Note to self – before reacting (or over-reacting) to information, make sure you have all the facts. And if possible, check with a reliable source, before you start jumping to conclusions.
I almost walked away from a very important relationship over the weekend, because I had bad information, and I didn’t think it all through well enough.
I panicked. And I jumped the gun. And I overreacted to the point where I was planning on restructuring my entire life.
For no good reason. I was wrong about some key points, and I regret having lost what could have been an amazingly creative and productive weekend.
Note to self – get out of your head. Value your hours — and your relationships — enough to get all the facts before trashing your life.
I am a long-term multiple (mild) Traumatic Brain Injury (mTBI or TBI) survivor who experienced assaults, falls, car accidents, sports-related injuries in the 1960s, '70s, '80s, and '90s. My last mild TBI was in 2004, but it was definitely the worst of the lot.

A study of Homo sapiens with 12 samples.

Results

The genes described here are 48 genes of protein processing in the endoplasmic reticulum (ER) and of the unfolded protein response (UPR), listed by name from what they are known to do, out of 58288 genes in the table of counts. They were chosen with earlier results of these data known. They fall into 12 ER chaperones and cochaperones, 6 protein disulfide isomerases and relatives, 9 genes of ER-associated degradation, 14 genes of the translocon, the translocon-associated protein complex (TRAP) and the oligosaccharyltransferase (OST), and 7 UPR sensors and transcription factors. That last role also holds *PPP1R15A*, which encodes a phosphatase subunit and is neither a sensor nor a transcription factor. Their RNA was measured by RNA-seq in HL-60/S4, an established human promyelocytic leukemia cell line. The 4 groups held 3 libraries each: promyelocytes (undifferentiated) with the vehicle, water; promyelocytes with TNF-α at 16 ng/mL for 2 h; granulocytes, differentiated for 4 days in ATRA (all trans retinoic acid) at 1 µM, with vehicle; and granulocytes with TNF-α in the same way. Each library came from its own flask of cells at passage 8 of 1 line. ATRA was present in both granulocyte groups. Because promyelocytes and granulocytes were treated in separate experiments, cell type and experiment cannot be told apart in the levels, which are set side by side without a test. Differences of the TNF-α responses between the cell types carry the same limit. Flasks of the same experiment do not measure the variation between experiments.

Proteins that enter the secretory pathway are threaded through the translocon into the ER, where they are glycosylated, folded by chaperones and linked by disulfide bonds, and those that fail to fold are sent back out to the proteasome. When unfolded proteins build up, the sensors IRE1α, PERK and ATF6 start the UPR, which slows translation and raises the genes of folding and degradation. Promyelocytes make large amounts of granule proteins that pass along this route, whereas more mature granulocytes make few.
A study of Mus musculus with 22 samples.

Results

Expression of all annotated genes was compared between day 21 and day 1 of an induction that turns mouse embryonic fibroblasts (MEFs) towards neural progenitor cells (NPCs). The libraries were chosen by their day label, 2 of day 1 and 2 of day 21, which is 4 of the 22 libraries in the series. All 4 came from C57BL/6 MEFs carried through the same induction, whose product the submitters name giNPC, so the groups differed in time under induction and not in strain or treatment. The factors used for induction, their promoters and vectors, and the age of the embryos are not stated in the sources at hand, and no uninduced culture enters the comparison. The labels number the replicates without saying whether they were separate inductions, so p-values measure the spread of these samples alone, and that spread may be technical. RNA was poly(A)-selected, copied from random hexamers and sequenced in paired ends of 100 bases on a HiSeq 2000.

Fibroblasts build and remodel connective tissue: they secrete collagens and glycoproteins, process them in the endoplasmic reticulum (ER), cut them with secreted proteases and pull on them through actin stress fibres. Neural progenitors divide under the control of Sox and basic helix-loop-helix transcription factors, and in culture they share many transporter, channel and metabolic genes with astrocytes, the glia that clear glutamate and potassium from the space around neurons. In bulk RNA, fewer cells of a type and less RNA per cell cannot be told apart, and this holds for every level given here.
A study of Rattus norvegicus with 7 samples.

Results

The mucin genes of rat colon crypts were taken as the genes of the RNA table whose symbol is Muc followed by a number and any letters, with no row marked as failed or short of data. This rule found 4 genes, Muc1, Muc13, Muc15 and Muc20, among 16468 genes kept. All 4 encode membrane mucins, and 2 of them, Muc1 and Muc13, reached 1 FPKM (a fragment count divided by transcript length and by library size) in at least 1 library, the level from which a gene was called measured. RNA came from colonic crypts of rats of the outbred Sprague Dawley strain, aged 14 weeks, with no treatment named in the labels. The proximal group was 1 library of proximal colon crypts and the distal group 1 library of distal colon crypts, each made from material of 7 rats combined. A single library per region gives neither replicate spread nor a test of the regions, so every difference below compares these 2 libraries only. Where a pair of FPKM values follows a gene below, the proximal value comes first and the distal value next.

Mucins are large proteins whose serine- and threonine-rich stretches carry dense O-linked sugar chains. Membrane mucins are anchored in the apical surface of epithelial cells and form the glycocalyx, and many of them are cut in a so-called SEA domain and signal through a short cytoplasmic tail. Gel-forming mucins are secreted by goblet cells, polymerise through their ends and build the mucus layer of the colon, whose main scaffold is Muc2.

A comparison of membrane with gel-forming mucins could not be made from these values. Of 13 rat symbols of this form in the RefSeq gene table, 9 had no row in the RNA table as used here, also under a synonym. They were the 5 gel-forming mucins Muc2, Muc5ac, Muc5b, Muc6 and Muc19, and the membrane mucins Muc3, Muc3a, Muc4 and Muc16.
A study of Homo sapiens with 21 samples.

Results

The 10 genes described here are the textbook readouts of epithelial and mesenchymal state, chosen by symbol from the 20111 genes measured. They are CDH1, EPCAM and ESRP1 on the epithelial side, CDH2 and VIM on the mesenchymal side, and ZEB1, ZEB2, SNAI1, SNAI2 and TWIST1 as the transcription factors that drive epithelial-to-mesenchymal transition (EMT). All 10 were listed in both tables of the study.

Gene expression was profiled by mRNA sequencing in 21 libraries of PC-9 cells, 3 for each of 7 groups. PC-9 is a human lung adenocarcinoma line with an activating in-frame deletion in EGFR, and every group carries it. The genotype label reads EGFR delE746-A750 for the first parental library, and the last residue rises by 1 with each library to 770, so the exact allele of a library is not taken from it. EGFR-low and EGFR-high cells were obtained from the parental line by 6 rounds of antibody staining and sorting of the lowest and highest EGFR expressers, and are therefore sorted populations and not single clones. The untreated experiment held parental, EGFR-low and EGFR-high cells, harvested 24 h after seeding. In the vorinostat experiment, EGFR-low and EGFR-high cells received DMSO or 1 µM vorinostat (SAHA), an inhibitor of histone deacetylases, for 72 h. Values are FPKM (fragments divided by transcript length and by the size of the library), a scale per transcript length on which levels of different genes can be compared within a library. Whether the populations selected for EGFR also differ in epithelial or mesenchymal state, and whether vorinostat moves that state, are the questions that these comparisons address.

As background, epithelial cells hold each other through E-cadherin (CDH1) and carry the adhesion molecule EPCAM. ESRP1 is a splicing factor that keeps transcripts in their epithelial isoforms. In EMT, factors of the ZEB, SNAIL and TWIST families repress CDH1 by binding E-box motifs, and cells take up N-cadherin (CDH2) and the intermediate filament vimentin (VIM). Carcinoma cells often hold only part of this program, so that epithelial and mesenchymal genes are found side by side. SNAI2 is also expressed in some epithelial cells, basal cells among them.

I never received medical treatment for my injuries, some of which were sports injuries (and you have to get back in the game!), but I have been living very successfully with cognitive/behavioral (social, emotional, functional) symptoms and complications since I was a young kid. I’ve done it so well, in fact, that virtually nobody knows that I sustained those injuries… and the folks who do know, haven’t fully realized just how it’s impacted my life.
It has impacted my life, however. In serious and debilitating ways. I’m coming out from behind the shields I’ve put up, in hopes of successfully addressing my own (invisible) challenges and helping others to see that sustaining a TBI is not the end of the world, and they can, in fact, live happy, fulfilled, productive lives in spite of it all.